Cox, an Atlanta-based automotive research firm, said in January that Tesla outsold BMW, Mercedes, Audi, Lexus, and all the rest in the American luxury market last year. Except now, Experian, the credit-reporting company, says that BMW in fact beat Tesla last year, when counting new luxury car registrations in America. I don’t know what to believe anymore.
This only matters, to be clear, to essentially no one who isn’t a Tesla stan, as Tesla itself is more concerned with global domination, and only gives global sales figures, so it’s hard to know for sure how it did in the U.S. BMW, meanwhile, is only concerned with beating its German rivals Audi, Mercedes, and Porsche. Possibly, BMW also occasionally thinks about Volvo, Acura, Lexus and maybe even Jaguar. BMW certainly doesn’t give a shit about Alfa Romeo or Cadillac or Lincoln or Maserati or Genesis or (lol) Infiniti. Does BMW dream of Tesla at night? It would deny it.
Anyway, according to Automotive News:
Experian said in a report this week that BMW had 347,453 new vehicles registered in the U.S. in 2021, while Tesla had 342,412 — a difference of just 5,041 vehicles.
It has been a heated race.
Tesla registrations surged 71 percent over 2020, while BMW’s grew 24 percent year over year, according to Experian. Those numbers suggest that Tesla has significant momentum going into 2022, although semiconductor shortages will likely play an important role in the luxury car race.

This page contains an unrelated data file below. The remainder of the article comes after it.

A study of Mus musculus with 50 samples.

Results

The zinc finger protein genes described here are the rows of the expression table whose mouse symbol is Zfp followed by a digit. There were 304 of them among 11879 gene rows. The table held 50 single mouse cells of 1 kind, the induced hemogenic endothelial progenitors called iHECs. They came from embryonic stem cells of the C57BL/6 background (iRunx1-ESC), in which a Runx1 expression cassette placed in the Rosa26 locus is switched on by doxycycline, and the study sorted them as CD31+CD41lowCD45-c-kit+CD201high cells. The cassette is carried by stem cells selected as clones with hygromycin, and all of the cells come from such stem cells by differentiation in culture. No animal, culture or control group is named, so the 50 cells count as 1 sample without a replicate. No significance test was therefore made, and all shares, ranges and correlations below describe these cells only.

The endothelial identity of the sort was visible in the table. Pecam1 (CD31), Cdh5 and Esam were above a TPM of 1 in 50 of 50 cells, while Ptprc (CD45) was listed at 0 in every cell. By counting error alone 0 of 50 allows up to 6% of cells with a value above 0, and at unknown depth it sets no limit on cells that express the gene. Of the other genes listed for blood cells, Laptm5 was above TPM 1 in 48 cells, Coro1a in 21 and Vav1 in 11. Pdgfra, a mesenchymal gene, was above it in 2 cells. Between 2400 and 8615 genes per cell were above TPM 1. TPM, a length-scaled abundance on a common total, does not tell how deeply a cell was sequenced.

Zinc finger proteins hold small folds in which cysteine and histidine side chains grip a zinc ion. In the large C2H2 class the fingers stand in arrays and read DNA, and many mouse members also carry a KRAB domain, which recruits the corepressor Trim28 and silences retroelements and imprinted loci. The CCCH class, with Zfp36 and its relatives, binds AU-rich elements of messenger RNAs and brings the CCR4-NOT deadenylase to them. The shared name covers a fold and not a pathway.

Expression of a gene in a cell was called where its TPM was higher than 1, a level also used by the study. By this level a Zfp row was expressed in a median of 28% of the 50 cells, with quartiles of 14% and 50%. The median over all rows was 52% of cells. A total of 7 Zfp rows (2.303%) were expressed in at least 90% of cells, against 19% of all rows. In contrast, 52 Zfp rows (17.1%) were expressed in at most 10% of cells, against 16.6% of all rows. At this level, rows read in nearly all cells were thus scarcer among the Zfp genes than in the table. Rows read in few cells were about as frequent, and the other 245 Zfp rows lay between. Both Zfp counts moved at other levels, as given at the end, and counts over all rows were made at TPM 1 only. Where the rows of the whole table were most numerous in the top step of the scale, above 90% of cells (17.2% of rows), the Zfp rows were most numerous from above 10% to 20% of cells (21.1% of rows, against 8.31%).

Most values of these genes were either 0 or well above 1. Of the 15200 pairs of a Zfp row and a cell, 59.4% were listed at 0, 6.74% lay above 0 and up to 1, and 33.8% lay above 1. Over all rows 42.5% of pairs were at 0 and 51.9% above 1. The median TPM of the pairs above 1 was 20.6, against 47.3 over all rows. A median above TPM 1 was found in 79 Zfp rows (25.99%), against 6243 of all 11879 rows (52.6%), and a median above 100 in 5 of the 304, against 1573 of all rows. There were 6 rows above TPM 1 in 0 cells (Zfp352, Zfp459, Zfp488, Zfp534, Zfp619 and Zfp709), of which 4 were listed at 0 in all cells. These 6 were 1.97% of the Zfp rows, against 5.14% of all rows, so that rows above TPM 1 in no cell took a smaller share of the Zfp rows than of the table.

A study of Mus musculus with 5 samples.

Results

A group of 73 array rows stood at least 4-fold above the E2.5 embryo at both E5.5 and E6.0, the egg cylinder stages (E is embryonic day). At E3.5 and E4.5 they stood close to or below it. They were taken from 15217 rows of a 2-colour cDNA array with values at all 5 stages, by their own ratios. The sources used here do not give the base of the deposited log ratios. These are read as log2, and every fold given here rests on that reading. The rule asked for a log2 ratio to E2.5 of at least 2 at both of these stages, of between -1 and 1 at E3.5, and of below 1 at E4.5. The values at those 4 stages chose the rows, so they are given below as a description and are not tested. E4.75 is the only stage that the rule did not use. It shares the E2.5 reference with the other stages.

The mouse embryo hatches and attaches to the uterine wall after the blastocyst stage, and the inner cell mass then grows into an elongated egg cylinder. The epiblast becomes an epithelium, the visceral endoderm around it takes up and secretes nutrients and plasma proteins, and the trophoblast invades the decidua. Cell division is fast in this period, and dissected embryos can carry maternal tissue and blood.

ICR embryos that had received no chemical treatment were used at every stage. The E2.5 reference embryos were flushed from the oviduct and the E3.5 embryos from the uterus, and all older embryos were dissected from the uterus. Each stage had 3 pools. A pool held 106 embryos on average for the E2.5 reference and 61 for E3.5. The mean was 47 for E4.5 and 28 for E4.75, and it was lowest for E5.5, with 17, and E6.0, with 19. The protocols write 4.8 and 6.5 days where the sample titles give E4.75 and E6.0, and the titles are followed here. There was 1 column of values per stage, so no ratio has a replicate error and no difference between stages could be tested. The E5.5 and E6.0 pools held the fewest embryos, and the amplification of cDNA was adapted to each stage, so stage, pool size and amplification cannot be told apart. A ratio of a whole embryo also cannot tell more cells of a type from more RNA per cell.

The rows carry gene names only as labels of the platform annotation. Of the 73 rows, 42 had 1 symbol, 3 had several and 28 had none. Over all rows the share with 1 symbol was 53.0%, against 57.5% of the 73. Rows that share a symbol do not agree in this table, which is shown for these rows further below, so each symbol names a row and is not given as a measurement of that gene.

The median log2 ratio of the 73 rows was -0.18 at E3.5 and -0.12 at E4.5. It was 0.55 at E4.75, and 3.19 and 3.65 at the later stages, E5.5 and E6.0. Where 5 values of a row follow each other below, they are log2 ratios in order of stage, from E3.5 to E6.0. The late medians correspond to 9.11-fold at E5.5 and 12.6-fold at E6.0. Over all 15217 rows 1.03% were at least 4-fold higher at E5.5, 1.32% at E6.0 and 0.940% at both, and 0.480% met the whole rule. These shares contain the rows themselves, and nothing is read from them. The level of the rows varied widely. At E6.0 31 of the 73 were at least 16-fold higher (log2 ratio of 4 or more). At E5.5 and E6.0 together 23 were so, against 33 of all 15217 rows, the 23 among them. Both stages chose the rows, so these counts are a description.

“When the numbers are close, it’s hard to declare a winner when you aren’t always comparing apples to apples,” said Jessica Caldwell, executive director of insights at Edmunds. Registration data is often useful when analyzing numbers not made public by automakers, such as fleet sales, she said.
BMW’s own sales data put deliveries last year at 336,644. Lexus said it sold 304,475 vehicles, and Mercedes reported official deliveries of 276,102.
It seems a matter of time before Tesla will certifiably be the American luxury king, such is the momentum it carries. “Luxury” is also somewhat of an arbitrary distinction, and putting Tesla in that category given its build quality issues has always felt weird. I guess that’s Jaguar and Land Rover, too, though, so nevermind.